Local Third Circuit lawyer shares a first-hand account of Virgin Islands hurricane damage (updated)

The Third Circuit covers not just Pennsylvania, New Jersey, and Delaware, but also the U.S. Virgin Islands. There are two federal district courthouses in the Virgin Islands, on St. Thomas and St. Croix, and every year the Third Circuit has sittings there. So when the Virgin Islands are hammered by two category 5 hurricanes in two weeks, it’s a Third Circuit story, too.

Both D. V.I. federal courthouses are closed “until further notice,” according to the federal courts’ website. National Law Journal reported after Irma and before Maria that the St. Thomas courthouse was damaged by water. This vivid September 20 local report describes the post-Maria devastation on St. Croix and notes, “A solar energy field at the District court of the Virgin Islands in Golden Rock was laid to waste.”

UPDATE: on September 28, the D. V.I. clerk’s office announced that the court remains closed in both divisions until further notice but that court personal are available by phone.

A post-hurricane image of the federal courthouse in St. Croix (on right with red roof) and the courthouse’s solar-panel field (left). Screenshot from NOAA website, original image here.

This New York Times story reports that St. Thomas “took a beating” from Irma and St. Croix “was pummeled” by Maria, and the USVI governor is quoted to say, “It’s going to be a long road to recovery. We have to prepare ourselves mentally, manage our expectations realistically and we will get through it.”

Andrew Simpson, center, in happier times at the 2017 Third Circuit conference. Also pictured are Howard Bashman, left, and me, right.

The president-elect of the Third Circuit Bar Association is Andrew Simpson, who lives and practices on St. Croix. Today he emailed me this first-hand account (lightly edited, emphasis added) of the situation on the ground:

I’m not so sure that the court came through Maria fine [he’s responding to an earlier report that the federal courts there came through both hurricanes fine]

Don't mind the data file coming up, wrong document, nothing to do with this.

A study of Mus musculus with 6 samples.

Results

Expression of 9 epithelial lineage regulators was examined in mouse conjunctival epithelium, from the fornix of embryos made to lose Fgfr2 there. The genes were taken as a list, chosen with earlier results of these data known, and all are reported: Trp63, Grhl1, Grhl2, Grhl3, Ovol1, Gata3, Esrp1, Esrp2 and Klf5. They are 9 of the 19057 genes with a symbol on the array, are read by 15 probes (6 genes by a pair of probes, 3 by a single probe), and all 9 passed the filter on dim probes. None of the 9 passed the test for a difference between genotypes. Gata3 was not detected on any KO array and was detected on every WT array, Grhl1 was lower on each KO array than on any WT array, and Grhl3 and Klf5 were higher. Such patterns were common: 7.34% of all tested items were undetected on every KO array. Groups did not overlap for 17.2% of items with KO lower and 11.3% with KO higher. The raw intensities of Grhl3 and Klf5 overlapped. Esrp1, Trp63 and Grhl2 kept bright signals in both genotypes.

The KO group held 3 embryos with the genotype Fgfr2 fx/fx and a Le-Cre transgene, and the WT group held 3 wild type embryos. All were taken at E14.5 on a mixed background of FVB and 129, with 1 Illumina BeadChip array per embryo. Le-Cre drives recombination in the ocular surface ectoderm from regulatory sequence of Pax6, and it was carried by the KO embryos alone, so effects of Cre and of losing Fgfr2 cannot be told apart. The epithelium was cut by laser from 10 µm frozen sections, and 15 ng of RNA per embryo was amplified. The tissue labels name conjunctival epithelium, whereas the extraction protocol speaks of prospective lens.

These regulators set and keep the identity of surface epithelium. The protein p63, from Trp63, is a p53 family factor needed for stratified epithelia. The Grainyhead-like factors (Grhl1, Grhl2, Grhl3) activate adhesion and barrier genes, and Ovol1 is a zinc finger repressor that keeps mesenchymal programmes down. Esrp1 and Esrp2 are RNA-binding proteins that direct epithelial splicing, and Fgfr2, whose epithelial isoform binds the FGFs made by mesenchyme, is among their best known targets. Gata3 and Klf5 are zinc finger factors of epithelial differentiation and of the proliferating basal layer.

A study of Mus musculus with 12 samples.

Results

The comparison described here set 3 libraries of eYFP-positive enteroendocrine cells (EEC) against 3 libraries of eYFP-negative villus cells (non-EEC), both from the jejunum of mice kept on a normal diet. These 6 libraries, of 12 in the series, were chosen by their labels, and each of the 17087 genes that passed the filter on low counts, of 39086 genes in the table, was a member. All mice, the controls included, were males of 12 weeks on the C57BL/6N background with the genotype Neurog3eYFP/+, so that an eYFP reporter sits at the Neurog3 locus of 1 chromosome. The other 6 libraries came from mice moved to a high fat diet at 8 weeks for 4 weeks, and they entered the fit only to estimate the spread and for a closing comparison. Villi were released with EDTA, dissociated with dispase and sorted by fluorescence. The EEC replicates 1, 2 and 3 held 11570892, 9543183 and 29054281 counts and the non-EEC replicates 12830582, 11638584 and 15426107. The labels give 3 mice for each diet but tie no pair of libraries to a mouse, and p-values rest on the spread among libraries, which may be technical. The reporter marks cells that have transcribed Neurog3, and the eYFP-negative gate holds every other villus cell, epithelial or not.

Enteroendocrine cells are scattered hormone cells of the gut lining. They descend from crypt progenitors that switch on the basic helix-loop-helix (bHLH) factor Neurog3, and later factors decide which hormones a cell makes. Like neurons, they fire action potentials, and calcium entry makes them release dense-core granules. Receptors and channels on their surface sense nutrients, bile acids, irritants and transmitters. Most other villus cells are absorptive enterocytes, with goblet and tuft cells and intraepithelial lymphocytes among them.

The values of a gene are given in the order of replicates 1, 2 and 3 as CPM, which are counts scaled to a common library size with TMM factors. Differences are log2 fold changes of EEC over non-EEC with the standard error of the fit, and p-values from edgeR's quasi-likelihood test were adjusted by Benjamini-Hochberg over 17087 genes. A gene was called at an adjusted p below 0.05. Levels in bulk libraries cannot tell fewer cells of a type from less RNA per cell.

I’m fine, as are all of my staff members and their families.  Amazingly, I have high speed internet and my phone service at my office. I had minor water damage (wet carpets).  I still don’t have power here, but can run off my generator (which will not power the A/C and it is 87 degrees in here right now.

The solar farm that provided power to the District Court building on St. Croix was destroyed. It’s been described as a mangled mess. We have not had a single ECF message from the court since before Maria passed (so I doubt that it came through “fine”).  [A few minutes later he emailed again to say he’d just received his first post-Maria ECF notice.] The Supreme Court of the Virgin Islands also has not put out an electronic message since Sept. 18.

Since I have high speed internet access, I’ve set up a free wifi hotspot for the public here. I know that Magistrate Judge Cannon’s permanent law clerk is planning on using it today, so, again, I doubt that the court is fine. Members of the bar on St. Croix that I know are OK (mostly because they have come to use my free wifi hotspot in the last couple of days)

  • Myself and my associates, Emily Shoup and Howard Phillips
  • Pam Colon
  • Doug Capdeville
  • Rick Hunter
  • Mike Sanford and his associates
  • Carl Beckstedt and his associate Mike Rogers

Most law offices that I have seen in Christiansted appear to be relatively OK. I’ve seen a broken window or two on some of the offices, but no major structural damage. Power in Christiansted is rapidly being restored. All offices that were served by an underground feeder should have power in the next day or so. The lineman working on my street says that I should have power next week (I am not served by an underground feeder, unfortunately).

We are under a curfew that allows us out of our homes from noon to four pm only. That is expected to last at least through the end of this week before it is expanded slightly.

Note that the Third Circuit home page indicates that deadlines for us have been extended until September 29 only. That definitely needs to be extended as we can’t get into our offices to work for any length of time (we need to use the curfew as “hunters and gatherers” to secure food, gas, etc. in those precious four hours) and even if we can get to our offices, most still do not have power, phone or internet. And, many of us are focused on damage at our homes during the hours when we are confined there (again, I have been fortunate and suffered only minor damage but have already logged a good 30-40 hours clearing away brush from my house).